Business History Conference - Reinvention: Call For Papers -
March 16th – March 18th, 2023*
Reinvention has long been a central theme in our field. Business historians have examined how entrepreneurs introduce new products and services that replace old ones, considered how businesses recreate themselves, and explored how markets are transformed over time.
But this coming year – as we prepare for Detroit and forge plans for what an association like ours should look like in an era marked by pandemic, war, and climate change – the theme of reinvention takes on a variety of new and pressing meanings. How do places and people reinvent themselves? What should a scholarly association look like in the twenty-first century? What questions, methods, and forms should a field like business history embrace in order to grapple with the big questions we face today?
Reinvention, as these questions suggest, may be understood as very different from invention. Whereas invention focuses on the new, reinvention demands that we take into account the past to understand the future. It suggests that rethinking historiography is essential to effectively raising new questions and new methods. It insists on the capacity of history to be creative as well as analytical. Reinvention, one might say, raises fundamental questions about how we know something historically.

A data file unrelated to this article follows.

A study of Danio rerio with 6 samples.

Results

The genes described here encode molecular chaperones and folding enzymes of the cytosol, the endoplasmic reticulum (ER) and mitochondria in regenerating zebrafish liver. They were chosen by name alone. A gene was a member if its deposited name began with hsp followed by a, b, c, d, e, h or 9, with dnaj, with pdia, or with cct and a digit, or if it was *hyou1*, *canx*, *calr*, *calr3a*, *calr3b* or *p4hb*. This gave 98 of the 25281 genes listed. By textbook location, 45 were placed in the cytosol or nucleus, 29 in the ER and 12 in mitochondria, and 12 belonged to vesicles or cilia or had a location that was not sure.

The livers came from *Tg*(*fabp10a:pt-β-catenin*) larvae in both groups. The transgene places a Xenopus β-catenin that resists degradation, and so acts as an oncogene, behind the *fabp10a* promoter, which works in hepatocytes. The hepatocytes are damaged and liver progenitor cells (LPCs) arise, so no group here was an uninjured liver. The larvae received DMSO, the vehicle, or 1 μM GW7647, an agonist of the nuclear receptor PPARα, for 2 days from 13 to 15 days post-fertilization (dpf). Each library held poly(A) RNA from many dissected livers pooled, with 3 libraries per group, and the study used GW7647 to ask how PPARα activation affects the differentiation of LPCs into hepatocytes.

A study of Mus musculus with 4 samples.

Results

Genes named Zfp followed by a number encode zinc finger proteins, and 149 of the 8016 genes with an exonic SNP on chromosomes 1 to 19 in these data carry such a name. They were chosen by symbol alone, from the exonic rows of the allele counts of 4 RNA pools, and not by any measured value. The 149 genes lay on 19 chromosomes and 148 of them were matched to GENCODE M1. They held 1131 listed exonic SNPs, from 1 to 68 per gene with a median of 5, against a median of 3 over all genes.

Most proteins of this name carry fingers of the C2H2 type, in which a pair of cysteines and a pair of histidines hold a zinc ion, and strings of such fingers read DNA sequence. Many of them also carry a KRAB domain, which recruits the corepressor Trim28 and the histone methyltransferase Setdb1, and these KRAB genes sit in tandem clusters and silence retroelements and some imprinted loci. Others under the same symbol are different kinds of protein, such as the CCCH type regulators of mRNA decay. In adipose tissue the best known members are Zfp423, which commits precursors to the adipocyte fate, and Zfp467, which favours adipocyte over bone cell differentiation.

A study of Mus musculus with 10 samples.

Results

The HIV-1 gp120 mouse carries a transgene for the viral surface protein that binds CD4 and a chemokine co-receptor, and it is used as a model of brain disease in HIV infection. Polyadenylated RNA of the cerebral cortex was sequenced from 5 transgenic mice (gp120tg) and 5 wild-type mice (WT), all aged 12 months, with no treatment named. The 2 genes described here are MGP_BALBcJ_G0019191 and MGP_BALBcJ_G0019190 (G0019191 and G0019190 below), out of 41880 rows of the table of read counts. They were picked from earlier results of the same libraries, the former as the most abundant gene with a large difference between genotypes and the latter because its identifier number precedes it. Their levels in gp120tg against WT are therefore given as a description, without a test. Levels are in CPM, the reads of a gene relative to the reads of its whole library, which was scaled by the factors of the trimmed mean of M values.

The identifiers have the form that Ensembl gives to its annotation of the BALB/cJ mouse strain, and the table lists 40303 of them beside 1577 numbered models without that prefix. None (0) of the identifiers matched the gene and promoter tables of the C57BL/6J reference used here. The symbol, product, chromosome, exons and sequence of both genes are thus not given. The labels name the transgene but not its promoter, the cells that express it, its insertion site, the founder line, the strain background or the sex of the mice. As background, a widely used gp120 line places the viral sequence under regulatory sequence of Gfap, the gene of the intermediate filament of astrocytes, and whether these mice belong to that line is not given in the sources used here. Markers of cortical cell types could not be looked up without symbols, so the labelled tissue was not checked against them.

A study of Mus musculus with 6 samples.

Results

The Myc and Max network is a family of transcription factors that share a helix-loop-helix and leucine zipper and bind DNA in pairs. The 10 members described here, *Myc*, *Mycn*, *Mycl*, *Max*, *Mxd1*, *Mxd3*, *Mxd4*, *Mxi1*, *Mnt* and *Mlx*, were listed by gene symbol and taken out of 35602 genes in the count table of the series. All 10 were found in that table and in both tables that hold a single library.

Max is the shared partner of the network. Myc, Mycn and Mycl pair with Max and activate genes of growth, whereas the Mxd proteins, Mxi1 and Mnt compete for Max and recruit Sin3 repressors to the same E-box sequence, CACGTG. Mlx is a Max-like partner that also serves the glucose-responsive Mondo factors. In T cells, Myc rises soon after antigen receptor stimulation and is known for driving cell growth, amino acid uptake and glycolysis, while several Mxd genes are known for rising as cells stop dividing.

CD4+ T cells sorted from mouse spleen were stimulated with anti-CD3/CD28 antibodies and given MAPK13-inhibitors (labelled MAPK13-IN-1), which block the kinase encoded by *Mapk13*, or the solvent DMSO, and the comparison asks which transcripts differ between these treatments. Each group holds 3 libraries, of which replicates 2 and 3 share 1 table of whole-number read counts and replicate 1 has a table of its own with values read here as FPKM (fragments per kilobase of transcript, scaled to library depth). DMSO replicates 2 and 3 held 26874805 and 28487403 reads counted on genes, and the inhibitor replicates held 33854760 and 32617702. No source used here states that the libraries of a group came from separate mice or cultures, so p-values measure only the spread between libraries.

Informed by the theme of reinvention, the BHC Program Committee invites sessions and papers that consider reinvention from a variety of different perspectives. Reflecting the ongoing evolution of the BHC itself, we are especially interested in submissions that address diverse geographic locales and time periods; analyze the different ways that race, class, and gender have affected the ability of entrepreneurs, firms, and communities to reinvent themselves in times of uncertainty and change; address the role of governments, politics, and power in in the process of reinvention; and any number of similar subjects. Finally, the organizers welcome proposals with innovative formats that promote discussion on how to conduct research and teach business history in the so-called post-pandemic era.